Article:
Over the past year, COVID-19 has changed the way many people relate to and engage with art, and although it has put a halt to many endeavors in the past year, the Voorhees Arts Council (VAC) has found a creative solution to keep the arts alive.
On May 3, the VAC will present the fourth installment of its virtual art museum. Marianne Leone, executive director of VAC, will give a live tour starting at 7 p.m.
In addition to the tour, on every weekday in April up to May 3, Leone will conduct a half-hour, live interview with a local artist over Zoom and Facebook starting at 4:30 p.m. The theme is Art Adventures with the Storytellers. Anyone interested in learning more about the artists or the artwork are given an opportunity to ask their questions directly to the artists. The lineup includes artists from South Jersey, the Philadelphia area and one who lives in California.
Leone decided on the format after listening to feedback from last year and combined the Ask the Artist Line Up with the installment of the virtual museum exhibits. With the interviews done daily, each artist gets more time to speak on their pieces than they would if they were only presenting on the night of the tour.
“Every weekday, we are going to go on an adventure with an artist,” Leone explained. “After talking with other artists a month ago, I thought, ‘We really are the storytellers, and we should do another series a little bit different from ‘Ask the Artist,’ really selecting the art piece with the story behind it that will take us on an adventure of how this piece came to be.”
The exhibit will feature pieces of 20 artist interviews during the month of April; and tickets are $7.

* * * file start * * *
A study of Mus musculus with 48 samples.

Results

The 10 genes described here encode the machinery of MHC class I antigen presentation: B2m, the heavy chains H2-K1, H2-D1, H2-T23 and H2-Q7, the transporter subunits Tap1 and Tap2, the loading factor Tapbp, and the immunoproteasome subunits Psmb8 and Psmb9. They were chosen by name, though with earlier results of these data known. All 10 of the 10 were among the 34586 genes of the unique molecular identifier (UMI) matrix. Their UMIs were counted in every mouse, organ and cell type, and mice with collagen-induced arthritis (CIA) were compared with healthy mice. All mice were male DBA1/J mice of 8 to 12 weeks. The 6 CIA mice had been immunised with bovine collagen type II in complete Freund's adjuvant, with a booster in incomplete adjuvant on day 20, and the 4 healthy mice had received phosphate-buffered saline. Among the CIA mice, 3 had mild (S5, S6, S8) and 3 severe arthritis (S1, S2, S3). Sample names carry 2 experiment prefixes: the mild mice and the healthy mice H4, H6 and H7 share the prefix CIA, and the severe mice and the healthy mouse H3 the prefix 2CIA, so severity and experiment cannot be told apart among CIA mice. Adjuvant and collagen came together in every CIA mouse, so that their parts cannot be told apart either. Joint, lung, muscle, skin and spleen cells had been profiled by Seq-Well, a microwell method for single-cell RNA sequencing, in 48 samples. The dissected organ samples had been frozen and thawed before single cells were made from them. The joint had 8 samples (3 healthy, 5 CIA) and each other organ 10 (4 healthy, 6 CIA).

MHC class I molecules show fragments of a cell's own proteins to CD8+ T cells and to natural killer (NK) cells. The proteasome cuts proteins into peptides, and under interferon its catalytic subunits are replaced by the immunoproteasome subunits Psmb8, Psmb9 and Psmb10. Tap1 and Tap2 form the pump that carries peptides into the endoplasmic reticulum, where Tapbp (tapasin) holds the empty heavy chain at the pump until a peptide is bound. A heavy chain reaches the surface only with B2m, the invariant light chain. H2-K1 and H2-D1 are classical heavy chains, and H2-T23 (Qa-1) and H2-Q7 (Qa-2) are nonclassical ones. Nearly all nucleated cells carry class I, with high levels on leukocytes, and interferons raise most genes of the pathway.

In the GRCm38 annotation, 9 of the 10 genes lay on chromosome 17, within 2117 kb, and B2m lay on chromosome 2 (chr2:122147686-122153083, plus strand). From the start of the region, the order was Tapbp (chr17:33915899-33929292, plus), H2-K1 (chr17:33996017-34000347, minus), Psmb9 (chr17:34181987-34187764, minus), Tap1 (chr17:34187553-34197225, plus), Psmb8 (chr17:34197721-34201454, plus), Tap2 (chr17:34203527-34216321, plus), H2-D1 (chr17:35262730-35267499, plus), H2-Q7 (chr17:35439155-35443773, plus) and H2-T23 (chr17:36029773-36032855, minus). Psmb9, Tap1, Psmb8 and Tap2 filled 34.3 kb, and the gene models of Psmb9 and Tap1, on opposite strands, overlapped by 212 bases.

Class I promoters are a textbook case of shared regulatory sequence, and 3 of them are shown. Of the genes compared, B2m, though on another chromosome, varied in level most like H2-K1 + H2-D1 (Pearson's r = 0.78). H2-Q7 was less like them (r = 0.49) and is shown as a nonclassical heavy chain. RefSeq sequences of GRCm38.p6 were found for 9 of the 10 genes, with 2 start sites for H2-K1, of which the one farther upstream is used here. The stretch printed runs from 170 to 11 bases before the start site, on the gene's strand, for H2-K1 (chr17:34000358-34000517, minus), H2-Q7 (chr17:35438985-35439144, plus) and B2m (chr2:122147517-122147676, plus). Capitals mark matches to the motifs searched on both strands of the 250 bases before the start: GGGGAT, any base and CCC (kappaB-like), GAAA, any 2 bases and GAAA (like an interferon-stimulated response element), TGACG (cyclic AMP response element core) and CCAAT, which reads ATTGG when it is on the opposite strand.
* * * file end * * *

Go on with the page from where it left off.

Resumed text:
Since the pandemic, more museums have created virtual displays to share art with the public. While it does allow for more possibilities, such as showcasing pieces that have been physically sold and wider accessibility for viewers, there have also been sacrifices made in presenting the art virtually. Larger works have been condensed to fit comfortably on screens, and the lighting of photographs may misrepresent what the piece looks like in person.
Maria Sammartino, an abstract expressionist from Philadelphia whose work will be featured in the virtual museum, misses being able to present art in person.
“I really would like to show my art up front and personal,” she shared. “Virtually it’s okay, but you don’t get a feel for the art experience or the art. There’s a huge difference standing in front of a Rothko and looking at it online, so I don’t like that so much, but it is what it is. It’s okay. I’m happy to be able to do that, and I appreciate that VAC gives artists the opportunity to do that.”
Even though COVID has meant fewer in person exhibits, it hasn’t stopped people from being creative. Kim Clay, a Somerdale artist who specializes in pet paintings, has been painting daily during the pandemic, so not much has changed for her personally. But she has noticed that a lot more people have taken an interest in art.
“During the pandemic, a lot of people that never picked up a paintbrush in their life started painting, started playing music: All kinds of art went on,” Clay reflected. “I couldn’t order paint online; it was sold out in every store. That’s how much people were doing it. I thought, ‘This is fantastic!’ People really appreciate it.”
Tickets for the virtual art museum’s live tour can be purchased at https://www.eventbrite.com/e/live-virtual-tour-art-adventures-with-the-storytellers-exhibit-tickets-144286557979?fbclid=IwAR2SlSZWy-wQB271gCxoSc0z5fPZWRtxXQFHRkcdEUaoss7-NUkUhOOO6G8. To watch previous recordings of the interviews, or see who’s next in the lineup, visit https://voorheesartscouncil.org/upcoming-events/art-adventures-storyteller-line-up/.
The Voorhees Arts Council is still very much in need of funding to continue to offer these art programs to the community. If you’d like to support them, you can donate at https://charity.gofundme.com/o/en/campaign/voorhees-arts-council.